Tuesday 22 December 2009

Freya of the Witches

Freya, the daughter of Njord and Herta, of the Sea and of the Earth, is the most beautiful and revered of the Norse pantheon, a kind of Viking Venus, with dominion over love, sex, pleasure and fertility. She also has dominion over death, magic, glory and-perhaps most important of all-over witches and witchcraft. From the moment of her arrival in Asgard, the home of the gods, she is immediately identified as a witch, teaching her fellow immortals how to craft charms and potions. It was she who introduced Odin to runes and shamanism.

Most of the other surviving Norse goddesses survive only as ‘wives. Freya, in contrast, answers to no-one. She was married but Od, her husband, disappeared under mysterious circumstances. She travels through the heavens in her independent course on a chariot pulled by two large gray cats, Bee-gold (Honey) and Tree-gold (Amber) said to embody her twin qualities of ferocity and fecundity. She also rides a boar into battle, as does her brother, Freyr. Her sacred day is Friday and her sacred number is thirteen. Hence the malevolent associations of Friday the thirteenth by the Christians!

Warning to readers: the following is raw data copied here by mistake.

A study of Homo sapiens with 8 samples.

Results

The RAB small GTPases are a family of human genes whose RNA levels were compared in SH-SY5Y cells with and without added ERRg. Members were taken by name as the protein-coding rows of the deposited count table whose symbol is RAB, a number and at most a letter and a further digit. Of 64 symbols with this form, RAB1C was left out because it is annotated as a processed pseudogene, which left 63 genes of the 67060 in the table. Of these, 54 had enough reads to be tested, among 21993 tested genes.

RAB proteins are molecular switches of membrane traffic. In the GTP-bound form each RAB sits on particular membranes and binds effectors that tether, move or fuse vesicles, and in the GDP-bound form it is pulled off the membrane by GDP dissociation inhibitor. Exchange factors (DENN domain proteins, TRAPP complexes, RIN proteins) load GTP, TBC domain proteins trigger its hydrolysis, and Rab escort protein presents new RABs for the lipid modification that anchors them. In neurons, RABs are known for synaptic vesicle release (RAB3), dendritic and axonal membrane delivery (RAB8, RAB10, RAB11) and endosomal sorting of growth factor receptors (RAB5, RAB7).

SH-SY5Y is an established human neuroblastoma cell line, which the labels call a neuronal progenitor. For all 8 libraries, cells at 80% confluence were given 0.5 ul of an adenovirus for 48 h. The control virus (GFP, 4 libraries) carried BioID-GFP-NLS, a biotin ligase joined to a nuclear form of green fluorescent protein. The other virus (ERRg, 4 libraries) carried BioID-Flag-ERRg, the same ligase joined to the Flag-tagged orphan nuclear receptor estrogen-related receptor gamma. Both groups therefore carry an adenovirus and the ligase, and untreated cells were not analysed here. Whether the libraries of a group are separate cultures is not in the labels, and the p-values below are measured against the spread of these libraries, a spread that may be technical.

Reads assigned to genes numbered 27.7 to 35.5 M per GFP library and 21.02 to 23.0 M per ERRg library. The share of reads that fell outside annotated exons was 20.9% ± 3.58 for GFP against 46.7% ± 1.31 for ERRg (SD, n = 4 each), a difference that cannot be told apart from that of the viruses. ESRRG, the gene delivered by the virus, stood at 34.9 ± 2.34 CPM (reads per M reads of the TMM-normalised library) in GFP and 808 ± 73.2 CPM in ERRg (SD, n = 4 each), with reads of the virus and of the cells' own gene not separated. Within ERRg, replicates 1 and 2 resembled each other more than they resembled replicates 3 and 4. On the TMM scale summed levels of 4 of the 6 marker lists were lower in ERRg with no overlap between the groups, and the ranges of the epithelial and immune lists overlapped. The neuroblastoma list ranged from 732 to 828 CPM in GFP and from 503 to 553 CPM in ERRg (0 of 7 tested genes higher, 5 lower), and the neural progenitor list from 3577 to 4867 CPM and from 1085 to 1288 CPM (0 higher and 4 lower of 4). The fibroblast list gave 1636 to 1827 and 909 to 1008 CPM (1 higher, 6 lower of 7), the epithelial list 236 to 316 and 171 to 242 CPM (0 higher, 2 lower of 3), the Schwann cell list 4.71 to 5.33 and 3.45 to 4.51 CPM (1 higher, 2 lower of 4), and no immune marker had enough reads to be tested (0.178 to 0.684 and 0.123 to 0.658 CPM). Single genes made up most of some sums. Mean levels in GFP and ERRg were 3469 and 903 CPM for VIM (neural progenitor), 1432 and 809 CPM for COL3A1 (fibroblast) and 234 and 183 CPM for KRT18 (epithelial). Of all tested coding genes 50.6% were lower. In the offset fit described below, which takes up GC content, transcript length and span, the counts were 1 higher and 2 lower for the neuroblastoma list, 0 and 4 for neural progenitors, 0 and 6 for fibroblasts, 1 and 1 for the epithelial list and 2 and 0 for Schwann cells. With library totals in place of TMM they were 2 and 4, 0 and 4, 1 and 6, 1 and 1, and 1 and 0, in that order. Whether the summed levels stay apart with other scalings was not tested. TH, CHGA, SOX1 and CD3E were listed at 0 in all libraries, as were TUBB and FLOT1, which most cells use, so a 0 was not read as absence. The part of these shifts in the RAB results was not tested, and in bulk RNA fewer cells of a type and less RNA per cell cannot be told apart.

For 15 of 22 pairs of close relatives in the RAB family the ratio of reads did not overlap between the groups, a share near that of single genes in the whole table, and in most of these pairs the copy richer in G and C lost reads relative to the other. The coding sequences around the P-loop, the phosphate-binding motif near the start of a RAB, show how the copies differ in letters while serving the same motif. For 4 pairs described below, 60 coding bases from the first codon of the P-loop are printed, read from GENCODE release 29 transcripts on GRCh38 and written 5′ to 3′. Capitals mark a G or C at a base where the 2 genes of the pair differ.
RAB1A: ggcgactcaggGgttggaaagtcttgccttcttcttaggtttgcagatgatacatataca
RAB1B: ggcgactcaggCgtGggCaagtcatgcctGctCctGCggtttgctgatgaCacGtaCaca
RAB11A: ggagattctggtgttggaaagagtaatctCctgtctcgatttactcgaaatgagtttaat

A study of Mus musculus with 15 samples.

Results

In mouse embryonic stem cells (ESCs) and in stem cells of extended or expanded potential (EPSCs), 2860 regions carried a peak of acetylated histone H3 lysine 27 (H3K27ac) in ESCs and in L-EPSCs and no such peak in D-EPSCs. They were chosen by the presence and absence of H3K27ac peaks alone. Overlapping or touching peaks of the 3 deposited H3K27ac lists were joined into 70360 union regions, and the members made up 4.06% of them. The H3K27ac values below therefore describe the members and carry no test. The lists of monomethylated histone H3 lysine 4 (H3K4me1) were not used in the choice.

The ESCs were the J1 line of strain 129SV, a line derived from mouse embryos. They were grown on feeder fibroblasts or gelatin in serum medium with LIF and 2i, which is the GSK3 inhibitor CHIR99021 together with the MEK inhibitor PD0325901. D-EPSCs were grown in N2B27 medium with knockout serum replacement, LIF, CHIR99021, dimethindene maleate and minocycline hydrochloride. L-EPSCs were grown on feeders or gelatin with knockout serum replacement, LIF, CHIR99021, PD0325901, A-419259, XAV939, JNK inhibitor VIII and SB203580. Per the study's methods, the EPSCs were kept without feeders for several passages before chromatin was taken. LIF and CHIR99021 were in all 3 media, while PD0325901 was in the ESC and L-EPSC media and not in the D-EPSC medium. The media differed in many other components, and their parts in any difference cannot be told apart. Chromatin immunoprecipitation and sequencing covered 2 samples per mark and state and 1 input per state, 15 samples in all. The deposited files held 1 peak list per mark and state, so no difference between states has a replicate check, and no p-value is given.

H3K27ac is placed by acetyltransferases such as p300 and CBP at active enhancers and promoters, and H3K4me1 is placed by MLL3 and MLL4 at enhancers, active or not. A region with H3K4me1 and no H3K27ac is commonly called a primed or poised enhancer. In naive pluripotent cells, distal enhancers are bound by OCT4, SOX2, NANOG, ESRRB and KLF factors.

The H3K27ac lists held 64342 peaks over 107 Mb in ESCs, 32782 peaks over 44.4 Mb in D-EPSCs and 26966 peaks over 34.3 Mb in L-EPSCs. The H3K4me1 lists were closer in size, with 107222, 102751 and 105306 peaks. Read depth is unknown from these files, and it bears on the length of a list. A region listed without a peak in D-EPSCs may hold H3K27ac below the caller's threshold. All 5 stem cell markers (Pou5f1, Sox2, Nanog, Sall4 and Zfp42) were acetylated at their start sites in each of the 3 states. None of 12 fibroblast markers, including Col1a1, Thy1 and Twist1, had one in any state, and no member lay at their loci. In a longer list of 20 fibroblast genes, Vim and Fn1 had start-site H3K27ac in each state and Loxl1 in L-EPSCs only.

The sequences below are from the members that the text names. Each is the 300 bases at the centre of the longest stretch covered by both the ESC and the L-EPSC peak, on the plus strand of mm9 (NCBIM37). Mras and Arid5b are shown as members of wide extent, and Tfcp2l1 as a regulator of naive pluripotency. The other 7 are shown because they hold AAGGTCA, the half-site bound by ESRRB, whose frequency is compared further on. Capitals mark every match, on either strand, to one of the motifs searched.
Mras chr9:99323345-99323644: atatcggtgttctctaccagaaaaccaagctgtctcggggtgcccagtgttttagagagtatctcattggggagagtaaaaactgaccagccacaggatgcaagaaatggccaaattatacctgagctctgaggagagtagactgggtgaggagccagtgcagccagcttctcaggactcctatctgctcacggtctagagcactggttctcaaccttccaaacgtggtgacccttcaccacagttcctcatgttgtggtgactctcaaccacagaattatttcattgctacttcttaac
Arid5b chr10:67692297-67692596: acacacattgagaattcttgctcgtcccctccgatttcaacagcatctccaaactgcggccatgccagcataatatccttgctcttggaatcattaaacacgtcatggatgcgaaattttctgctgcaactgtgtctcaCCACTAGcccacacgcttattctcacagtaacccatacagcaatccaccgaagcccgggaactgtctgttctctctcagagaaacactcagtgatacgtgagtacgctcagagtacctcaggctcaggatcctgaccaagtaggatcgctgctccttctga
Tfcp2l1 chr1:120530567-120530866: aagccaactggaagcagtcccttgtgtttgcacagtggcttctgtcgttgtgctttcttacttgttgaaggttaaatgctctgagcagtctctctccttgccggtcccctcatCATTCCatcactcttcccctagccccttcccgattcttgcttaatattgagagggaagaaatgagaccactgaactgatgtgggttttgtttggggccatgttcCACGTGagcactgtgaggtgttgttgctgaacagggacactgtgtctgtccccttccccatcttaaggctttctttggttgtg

The Christians held a particular fear of Freya and all she stood for, which paradoxically has meant she continued to have a far more vivid presence over time than many other Pagan deities. Constant condemnation, in other words, stopped her slipping into obscurity. In the Althing, the Icelandic parliament, she was even described as a ‘bitch goddess’ by one Christian in the debates leading up to the adoption of the new faith.

Freya was continuously denounced as a Queen of Witches, automatically branding women who revered her as practitioners of the art. But her cult proved particularly resilient. Snorri Sturlsson, the thirteenth century Icelandic chronicler, says that she was the most renowned of all of the goddesses, still worshipped in his day. Her last surviving temple at Magdeburg was destroyed by Charlemagne in the eighth century AD but amazingly as late as 1688 it was claimed that the ‘worship of Frau Venus’ was still live in the area.

Though banished from the mountain peaks of Norway but she continued to dance with her devotees in The Brocken, the highest peak of Germany’s Harz Mountains, where she presides over the annual Midsummer and Walpurgis festivities. She is among the most beloved of deities for Neo-pagans.